Severe storms caused school closures and extensive damage in Mesa, Phoenix

Phoenix (3TV/CBS5) – The second round of storms proved stronger than the first as strong winds and heavy rain battered parts of the Phoenix area Tuesday night and early Wednesday morning.

At the height of the storm, more than 19,000 residents across the valley were without power. Power has been restored to most APS customers, but about 2,200 SRP customers were still without power as of 1 p.m. Wednesday. The areas experiencing the highest number of SRP outages are Mesa and Apache Junction. Some people sustained damage to their mobile homes near McKillips and Riker roads in Mesa. Goodyear experienced wind gusts of more than 40 mph. Another round of storms early Wednesday hit Globe and south Scottsdale, prompting the National Weather Service to issue a severe thunderstorm warning for the area.

Downed power poles were reported in central Phoenix, near 17th Street and Oak Street, north of McDowell Road. The nearest anemometer showed winds at about 35 mph but a small explosion may have brought down those lines. Due to widespread power outages, Camelback High School was forced to switch to virtual learning. Flash flooding also hit downtown Phoenix, and golf ball-sized hail fell in parts of Chandler.

In Mesa, extensive damage was reported at Falcon Field Park, where Arizona Family crews spotted downed trees, damaging ramadas and restaurants. At the nearby airport, at least six planes could be seen capsized due to strong winds. Mesa Police said they are working around the clock to secure the area. The damage was so severe for Zaharis Elementary School that classes were canceled. Officials say the roof needs to be repaired so students will not return to campus until Tuesday at the earliest. Teachers will give students learning activities at home while the school is closed.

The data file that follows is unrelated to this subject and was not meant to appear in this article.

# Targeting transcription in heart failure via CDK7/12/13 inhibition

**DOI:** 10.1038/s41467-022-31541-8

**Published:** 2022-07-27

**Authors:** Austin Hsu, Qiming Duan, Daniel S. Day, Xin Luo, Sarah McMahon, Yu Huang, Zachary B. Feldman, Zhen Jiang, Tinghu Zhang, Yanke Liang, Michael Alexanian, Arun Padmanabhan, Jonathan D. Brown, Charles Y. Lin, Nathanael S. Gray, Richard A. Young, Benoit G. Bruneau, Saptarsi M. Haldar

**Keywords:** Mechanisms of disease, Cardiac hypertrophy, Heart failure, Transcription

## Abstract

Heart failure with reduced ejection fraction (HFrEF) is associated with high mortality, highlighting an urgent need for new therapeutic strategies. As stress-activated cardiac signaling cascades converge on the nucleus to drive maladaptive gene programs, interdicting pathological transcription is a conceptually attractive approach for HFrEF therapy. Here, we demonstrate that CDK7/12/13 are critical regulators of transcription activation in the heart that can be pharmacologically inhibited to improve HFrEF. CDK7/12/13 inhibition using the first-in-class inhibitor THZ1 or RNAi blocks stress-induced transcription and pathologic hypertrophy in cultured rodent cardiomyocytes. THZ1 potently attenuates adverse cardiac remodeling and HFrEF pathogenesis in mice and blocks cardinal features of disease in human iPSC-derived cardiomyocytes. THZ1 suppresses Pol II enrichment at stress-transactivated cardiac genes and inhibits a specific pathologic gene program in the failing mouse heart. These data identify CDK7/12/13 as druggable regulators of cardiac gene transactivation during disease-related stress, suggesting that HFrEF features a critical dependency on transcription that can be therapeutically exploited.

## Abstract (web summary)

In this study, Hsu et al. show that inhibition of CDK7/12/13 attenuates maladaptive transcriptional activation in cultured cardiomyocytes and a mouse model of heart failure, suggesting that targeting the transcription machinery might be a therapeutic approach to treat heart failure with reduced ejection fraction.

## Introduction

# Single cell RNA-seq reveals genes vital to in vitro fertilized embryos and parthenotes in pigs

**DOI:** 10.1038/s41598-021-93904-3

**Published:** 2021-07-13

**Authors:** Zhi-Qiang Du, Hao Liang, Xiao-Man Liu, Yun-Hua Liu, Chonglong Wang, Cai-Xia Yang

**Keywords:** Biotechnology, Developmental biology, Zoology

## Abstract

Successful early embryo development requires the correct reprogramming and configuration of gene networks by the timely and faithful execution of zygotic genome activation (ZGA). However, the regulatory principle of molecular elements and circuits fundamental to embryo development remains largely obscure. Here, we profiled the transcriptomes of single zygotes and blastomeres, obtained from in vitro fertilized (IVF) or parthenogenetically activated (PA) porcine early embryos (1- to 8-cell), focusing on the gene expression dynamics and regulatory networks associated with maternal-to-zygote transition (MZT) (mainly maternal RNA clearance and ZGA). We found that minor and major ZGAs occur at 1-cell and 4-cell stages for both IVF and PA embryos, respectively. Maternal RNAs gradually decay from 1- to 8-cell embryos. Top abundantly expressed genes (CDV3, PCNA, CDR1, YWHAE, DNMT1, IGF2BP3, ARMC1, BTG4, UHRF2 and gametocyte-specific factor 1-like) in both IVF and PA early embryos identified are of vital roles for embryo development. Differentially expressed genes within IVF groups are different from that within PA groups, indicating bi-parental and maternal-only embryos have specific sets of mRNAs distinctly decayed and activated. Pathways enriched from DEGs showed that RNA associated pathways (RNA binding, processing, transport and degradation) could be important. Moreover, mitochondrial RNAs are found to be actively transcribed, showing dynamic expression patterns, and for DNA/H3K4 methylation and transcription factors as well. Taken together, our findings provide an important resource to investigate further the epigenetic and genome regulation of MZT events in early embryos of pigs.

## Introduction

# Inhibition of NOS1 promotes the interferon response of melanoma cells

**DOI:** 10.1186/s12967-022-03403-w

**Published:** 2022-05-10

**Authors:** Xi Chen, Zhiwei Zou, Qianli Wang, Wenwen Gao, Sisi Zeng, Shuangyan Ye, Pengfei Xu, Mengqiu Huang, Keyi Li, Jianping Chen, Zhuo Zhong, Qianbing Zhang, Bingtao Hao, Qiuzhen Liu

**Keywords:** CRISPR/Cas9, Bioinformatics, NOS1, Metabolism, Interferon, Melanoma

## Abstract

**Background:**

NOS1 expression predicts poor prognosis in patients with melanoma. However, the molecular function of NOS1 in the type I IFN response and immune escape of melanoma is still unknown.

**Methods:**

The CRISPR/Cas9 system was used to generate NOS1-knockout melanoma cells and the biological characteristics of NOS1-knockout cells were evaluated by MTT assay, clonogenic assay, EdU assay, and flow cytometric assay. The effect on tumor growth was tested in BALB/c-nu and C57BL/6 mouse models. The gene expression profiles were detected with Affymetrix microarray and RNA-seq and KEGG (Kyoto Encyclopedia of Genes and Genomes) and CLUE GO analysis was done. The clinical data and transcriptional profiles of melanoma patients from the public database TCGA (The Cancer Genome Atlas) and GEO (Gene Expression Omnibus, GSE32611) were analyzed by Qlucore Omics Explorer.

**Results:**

The school’s roof was damaged, so classes will not begin there until Tuesday.(Mesa Public Schools)

In one Mesa home, an air conditioning unit exploded from the roof and landed on two cars. The unit smashed the car’s windshield and caused a dent in another car.

Meanwhile, in Scottsdale, crews have been out since early morning to clear fallen trees and debris. Neighborhoods south of Chaparral Road were hardest hit by rain and strong winds. City officials say more than 100 trees fell in city parks, including just 60 near Vista del Camino and El Dorado parks. More than two dozen trees fell along roads and medians in Old Town Scottsdale.

Desert Tails, a non-profit animal shelter in Scottsdale, is cleaning up the big mess caused by the storms. “I’m not going to lie. “I panicked a little bit because it felt like a tornado,” said Chrissy Metzger, a shelter partner at Desert Tails. She was working when the powerful storm hit around 8 p.m. Tuesday. “I brought in our last dog, and it hit the spot,” she said. “And everything started flying, and I stepped forward and noticed the wind and the rain and it just tore everything apart.”

She took shelter with dozens of dogs there, trying to keep them safe. “We have ground level windows and it started raining and everything started flooding in the shelter,” Metzger said. The doors were ripped straight off their tracks and the covers were torn as well. It will cost thousands of dollars to repair the damage. To donate, click/tap here.

Outside the Valley, Pinal County saw power outages due to the storm as well. Damaged power lines and poles led to a power outage at Casa Grande Airport, and several roads were closed.